The role of media in promoting good causes is indispensable. However, in some cases, media may fail to play that role. This could happen because there are political or financial pressures, or lack of knowledge, interest and understanding of certain issues. In such cases community media can have a vital role. Even more, they are essential when it comes to giving voice to particular social groups and communities, notably those disadvantaged. This kind of media exist in many countries in all continents, and in media systems they usually stand in-between public broadcasting and private media outlets. I will try to give some more information about these media, their roles and the possibilities for preserving their sustainability by presenting findings from the book "Community media Sustainability Guide" published by Internews in 2009.
Community service is at the heart of community media. All community media must have a community and the intention to serve and build the community. In the community media environment, communities tend to be deﬁned in terms of geography (a group of people living in a particular location)
or interest (religion, politics, culture,hobby, or any other interest). A quality community service is one that:
• Validates and strengthens communities
• Covers topics that are relevant to the community
• Encourages community discussion and debate
Participation is the key deﬁning feature of community media; it is what places community media outside of traditional media models, in which audiences are
passive receivers of messages. In the community media model, senders and receivers together create messages and meaning through participatory processes.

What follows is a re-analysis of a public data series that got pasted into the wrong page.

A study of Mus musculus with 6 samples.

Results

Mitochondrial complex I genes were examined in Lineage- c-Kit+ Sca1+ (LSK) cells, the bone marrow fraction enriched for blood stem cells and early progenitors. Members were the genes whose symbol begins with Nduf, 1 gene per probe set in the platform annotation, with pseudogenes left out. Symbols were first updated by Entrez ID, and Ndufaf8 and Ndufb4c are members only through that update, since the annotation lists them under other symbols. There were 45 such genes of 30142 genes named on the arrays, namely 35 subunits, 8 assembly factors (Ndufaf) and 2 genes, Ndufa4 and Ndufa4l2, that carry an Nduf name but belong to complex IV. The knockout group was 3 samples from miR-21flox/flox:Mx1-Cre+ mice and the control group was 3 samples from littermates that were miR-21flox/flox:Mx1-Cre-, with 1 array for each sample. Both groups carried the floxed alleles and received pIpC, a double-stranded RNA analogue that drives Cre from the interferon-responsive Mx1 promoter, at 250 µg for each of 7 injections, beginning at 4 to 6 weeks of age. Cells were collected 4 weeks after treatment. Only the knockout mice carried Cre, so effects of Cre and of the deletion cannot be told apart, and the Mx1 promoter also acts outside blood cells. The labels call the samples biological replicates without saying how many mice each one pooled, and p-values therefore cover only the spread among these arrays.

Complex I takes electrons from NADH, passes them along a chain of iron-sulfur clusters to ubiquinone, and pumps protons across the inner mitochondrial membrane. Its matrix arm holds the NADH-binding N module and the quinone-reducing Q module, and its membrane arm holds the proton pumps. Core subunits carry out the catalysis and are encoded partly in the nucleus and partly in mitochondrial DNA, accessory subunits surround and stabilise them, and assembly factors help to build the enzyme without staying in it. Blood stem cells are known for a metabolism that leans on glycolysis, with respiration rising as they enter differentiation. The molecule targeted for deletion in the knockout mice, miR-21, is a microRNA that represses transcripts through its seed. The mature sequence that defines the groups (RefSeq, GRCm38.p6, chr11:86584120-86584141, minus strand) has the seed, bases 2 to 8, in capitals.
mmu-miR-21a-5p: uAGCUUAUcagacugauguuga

Social, institutional and financial sustainability.
Social sustainability refers to all the social processes that are needed to create sustainable community media, including community participation in governance, management, operations, content production, generation of income, and feedback.
Conditions to achieve social sustainability:
• Community ownership of the communication process.
• Development of local content, through community participation in the selection of topics, research, writing, ﬁlming, recording, and editing.
• Language and cultural relevance.
Institutional sustainability refers to the policies, governance structures, management structures and styles, staffing, internal relationships, and practices etc.
The important issues in achieving institutional sustainability are:
• Enabling legislation, regulation and policies for community media.
• Internal democracy of staff and management systems;
• Appropriate technology.
• Networking and convergence.
Financial sustainability is the organization’s ongoing income-generating potential, and includes cash and donations of goods and services.
The question of whether governments should directly or indirectly ﬁnance community media is controversial. In some places, direct state support would dramatically reduce independence or create the perception that the media are the voice of government. However, most policies that encourage long-term sustainability are those that also include some form of indirect ﬁnancial support.When there is government support, in order to ensure independence, it should be administered through an independent public body, separate from the regulatory agency or any government ministry. The body should include both government and civil society representation.
Examples of ﬁnancing include:
• A community radio fund paid into by the state (such as in Hungary or the United Kingdom, for example; in South Africa, the fund also includes support from the media industry and donors).
• A tax on cable or telecommunication operators (Colombia).
• A percentage of license fees from commercial stations (Denmark).
• A percentage of advertising revenue from commercial stations (France).
• Indirect public funding in the form of support for employment, skills development, and lifelong learning, social inclusion programs, cultural programs, youth programs, or neighborhood regeneration support (South Africa and the United Kingdom, for example).
• Support from local councils, local community funds, or regional bodies.
I would like to know of community media in the countries you come from, or know well. What is their program like? Did they manage to give an important contribution to community and in what way? Where does the support come from? How much the role of community media is different from that of mainstream media? What is their role in fostering development?